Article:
The double mission of Seadrunar Recycling

Seadrunar Recycling

Most recycling businesses start with a mission. Seadrunar Recycling has two.

The South Seattle facility, which sorts, bales and recycles cardboard from all PCC stores (and other items from selected stores), is of course designed to keep materials out of landfills. Its 42,000-square-foot facility is also able to process some products that larger municipal services can’t, including services like paper shredding.

It’s a non-profit organization, though, and its other goal is supporting Key Recovery, a long-term drug and alcohol rehabilitation center located nearby. Seadrunar Recycling was actually founded in 1979 for that purpose (the name comes from its original incarnation as Seattle Drug and Narcotic Center). The recycling business now almost entirely funds the treatment center, said Director of Operations Aren Oleson, and it provides a hands-on job training program. People in recovery at the residential program, many of whom “haven’t had much opportunity in life,” learn to drive forklifts, operate recycling lines, weld and work toward commercial driver’s licenses.

“We are not only saving the world by recycling, we’re saving lives,” Oleson said.

On a recent Seadrunar tour, Oleson showed PCC staff around the Manufacturing Recycling Facility (MRF), a tightly organized space filled with stacks of compressed and baled cardboard, high heaps of aluminum and paper and plastics, and a roller-coaster like system of conveyer belts and sorting machinery that moves some 30,000 tons of material per year. Also joining the tour was Erika Frayser of Seattle-Tacoma Box Co. (see their story here), working with Erik Lind, PCC’s Operations, Programs, and Projects manager, on recycling her company’s produce boxes.

The corrugated plastic produce boxes created by Seattle Box are a rare recyclable version of those produce boxes – but the materials they’re made of can’t be processed by many municipal systems. Produce workers in PCC stores sounded an alarm that the boxes were being sent to the landfill instead. “The recyclers wouldn’t pick them up, they would consider them contamination to the recycling load,” Lind said.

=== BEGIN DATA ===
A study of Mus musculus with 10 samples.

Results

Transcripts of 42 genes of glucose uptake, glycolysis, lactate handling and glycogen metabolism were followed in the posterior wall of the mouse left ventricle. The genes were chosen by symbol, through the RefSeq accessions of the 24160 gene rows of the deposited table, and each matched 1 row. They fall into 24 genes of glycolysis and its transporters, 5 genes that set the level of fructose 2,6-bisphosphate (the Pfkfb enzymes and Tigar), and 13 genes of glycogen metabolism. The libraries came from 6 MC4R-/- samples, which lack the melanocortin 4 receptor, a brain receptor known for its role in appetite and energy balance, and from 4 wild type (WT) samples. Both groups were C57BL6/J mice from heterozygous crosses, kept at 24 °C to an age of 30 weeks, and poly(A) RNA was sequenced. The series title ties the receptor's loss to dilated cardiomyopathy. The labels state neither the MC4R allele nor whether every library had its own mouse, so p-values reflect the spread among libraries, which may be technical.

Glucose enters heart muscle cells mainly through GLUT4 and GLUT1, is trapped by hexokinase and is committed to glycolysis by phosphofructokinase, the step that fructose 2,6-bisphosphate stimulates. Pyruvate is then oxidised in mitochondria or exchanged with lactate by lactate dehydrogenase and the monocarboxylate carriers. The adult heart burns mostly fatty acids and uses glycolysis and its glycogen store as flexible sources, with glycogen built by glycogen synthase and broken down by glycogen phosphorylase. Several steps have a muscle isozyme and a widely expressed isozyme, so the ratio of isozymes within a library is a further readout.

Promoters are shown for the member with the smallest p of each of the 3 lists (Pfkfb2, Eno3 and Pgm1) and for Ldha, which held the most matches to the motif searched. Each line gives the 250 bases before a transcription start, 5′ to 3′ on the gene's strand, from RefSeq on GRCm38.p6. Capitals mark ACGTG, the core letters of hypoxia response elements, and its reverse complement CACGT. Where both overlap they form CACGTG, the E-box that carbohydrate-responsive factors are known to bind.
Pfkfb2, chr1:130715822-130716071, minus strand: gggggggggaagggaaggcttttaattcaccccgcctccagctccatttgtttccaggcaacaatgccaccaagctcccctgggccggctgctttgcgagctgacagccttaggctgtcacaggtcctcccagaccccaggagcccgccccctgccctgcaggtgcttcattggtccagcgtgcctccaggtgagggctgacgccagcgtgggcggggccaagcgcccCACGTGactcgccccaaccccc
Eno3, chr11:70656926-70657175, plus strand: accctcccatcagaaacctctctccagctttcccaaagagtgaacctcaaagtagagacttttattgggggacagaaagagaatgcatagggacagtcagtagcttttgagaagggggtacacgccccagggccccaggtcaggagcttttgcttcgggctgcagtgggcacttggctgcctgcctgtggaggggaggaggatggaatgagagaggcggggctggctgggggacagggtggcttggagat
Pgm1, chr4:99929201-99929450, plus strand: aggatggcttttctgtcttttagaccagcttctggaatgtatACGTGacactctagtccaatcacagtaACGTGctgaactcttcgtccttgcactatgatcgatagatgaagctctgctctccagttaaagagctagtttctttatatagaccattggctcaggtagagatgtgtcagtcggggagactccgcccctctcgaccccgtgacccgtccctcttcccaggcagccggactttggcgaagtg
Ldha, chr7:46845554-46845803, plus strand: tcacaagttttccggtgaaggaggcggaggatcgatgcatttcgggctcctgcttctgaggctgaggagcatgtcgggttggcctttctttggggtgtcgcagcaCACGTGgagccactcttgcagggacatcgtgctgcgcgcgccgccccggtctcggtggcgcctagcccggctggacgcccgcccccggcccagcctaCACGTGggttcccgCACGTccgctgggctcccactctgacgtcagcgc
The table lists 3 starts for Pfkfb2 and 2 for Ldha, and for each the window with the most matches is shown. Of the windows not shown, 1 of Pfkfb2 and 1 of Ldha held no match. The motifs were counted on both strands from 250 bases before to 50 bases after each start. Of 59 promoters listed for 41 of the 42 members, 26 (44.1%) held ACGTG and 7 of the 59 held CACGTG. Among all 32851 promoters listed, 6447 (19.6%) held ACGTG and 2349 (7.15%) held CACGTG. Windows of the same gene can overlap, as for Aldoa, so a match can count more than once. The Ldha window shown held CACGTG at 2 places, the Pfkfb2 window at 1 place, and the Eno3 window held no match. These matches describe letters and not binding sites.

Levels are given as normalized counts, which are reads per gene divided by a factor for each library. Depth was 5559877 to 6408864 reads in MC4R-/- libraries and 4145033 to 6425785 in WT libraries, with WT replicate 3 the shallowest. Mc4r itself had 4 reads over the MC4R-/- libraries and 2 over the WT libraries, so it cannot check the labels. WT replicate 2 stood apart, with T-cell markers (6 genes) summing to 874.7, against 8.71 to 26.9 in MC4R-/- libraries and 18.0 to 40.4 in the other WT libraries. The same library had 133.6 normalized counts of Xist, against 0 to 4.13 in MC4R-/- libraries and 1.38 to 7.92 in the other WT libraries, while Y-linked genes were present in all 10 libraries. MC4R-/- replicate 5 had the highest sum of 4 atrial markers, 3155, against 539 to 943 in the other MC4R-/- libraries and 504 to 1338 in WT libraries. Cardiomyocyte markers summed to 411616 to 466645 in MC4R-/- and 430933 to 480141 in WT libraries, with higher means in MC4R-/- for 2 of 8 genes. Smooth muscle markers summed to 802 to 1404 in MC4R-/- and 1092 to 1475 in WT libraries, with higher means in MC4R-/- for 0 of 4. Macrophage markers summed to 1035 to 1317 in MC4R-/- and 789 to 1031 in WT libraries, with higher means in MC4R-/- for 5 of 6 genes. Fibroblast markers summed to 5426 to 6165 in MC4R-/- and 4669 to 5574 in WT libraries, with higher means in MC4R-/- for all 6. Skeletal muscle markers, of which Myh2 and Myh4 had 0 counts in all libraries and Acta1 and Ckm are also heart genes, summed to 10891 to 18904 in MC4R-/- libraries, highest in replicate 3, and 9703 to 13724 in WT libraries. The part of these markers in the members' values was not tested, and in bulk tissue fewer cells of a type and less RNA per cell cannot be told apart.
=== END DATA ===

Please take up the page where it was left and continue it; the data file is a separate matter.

Now, instead, PCC will flatten the produce boxes it receives from farmers for Seadrunar pickups. Seadruner is currently picking up boxes from nine PCC stores (with Seattle Box Co. handling the rest) and hopes to serve all 15 stores by year’s end. Seadrunar will sell the boxes back to Seattle Box Co., which will use them for new recycled produce boxes and keep the cycle going.

Most recyclers focus on material that is easy to handle and makes the largest profits, Lind said. “They don’t want to take the challenging stuff.”

Guiding visitors through the facility, “This is where our trucks come in,” Oleson explained as employees and equipment processed piles of mixed materials. Workers pulled out any “major contamination” that would clog the equipment, while blowers and belts running at different speeds and screening devices that separate the different materials, sending metals to one area, paper to another, and so on.

While automation is essential, “we have a lot of people learning general job skills,” so there are more humans in the inspection and sorting process than most have. About 80% of products are separated mechanically, he said, while 20% is done by hand.

That said, the company is investing in new optical screeners that will help speed up the sorting.

“We are a training facility. We want to keep the labor positions open for people that want jobs,” he said. But optical screeners are virtually required now for quality and volume.

Other new equipment is designed to combat the “Amazon effect” where Amazon packaging is confounding older screening tools and getting sorted into mixed paper categories that then sell for a lower price.

Lind was originally looking for a less expensive option for cardboard recycling when he connected with Seadrunar, then found other benefits – transparency, data, the ability to track where pickups are processed and more. “How can we not partner with someone who’s zero waste, who’s a non-profit – I can keep checking boxes?” he said.

Oleson said graduation from the program for trainees “is not just a certificate, congratulations, good luck. It’s “You have a full-time job, money saved, clean and sober housing set up and a job.” He found that personally, he said, after graduating from the program in 2016.

“Now I get to tow people behind me,” he said. “It’s a beautiful thing.”

Also in this issue

How a 135-year-old Seattle company made produce boxes better

The 135-year-old Seattle-Tacoma Box Co. created a rare recyclable produce box – and figured out how to keep it from the landfill.

What’s different about shopping at a food co-op?

Expert Jon Steinman explains what makes co-ops revolutionary in the grocery industry and what's special about shopping at a food co-op.

What’s next for regenerative agriculture?

A PCC symposium explored what regenerative agriculture means and how to plan for its future in the farming industry.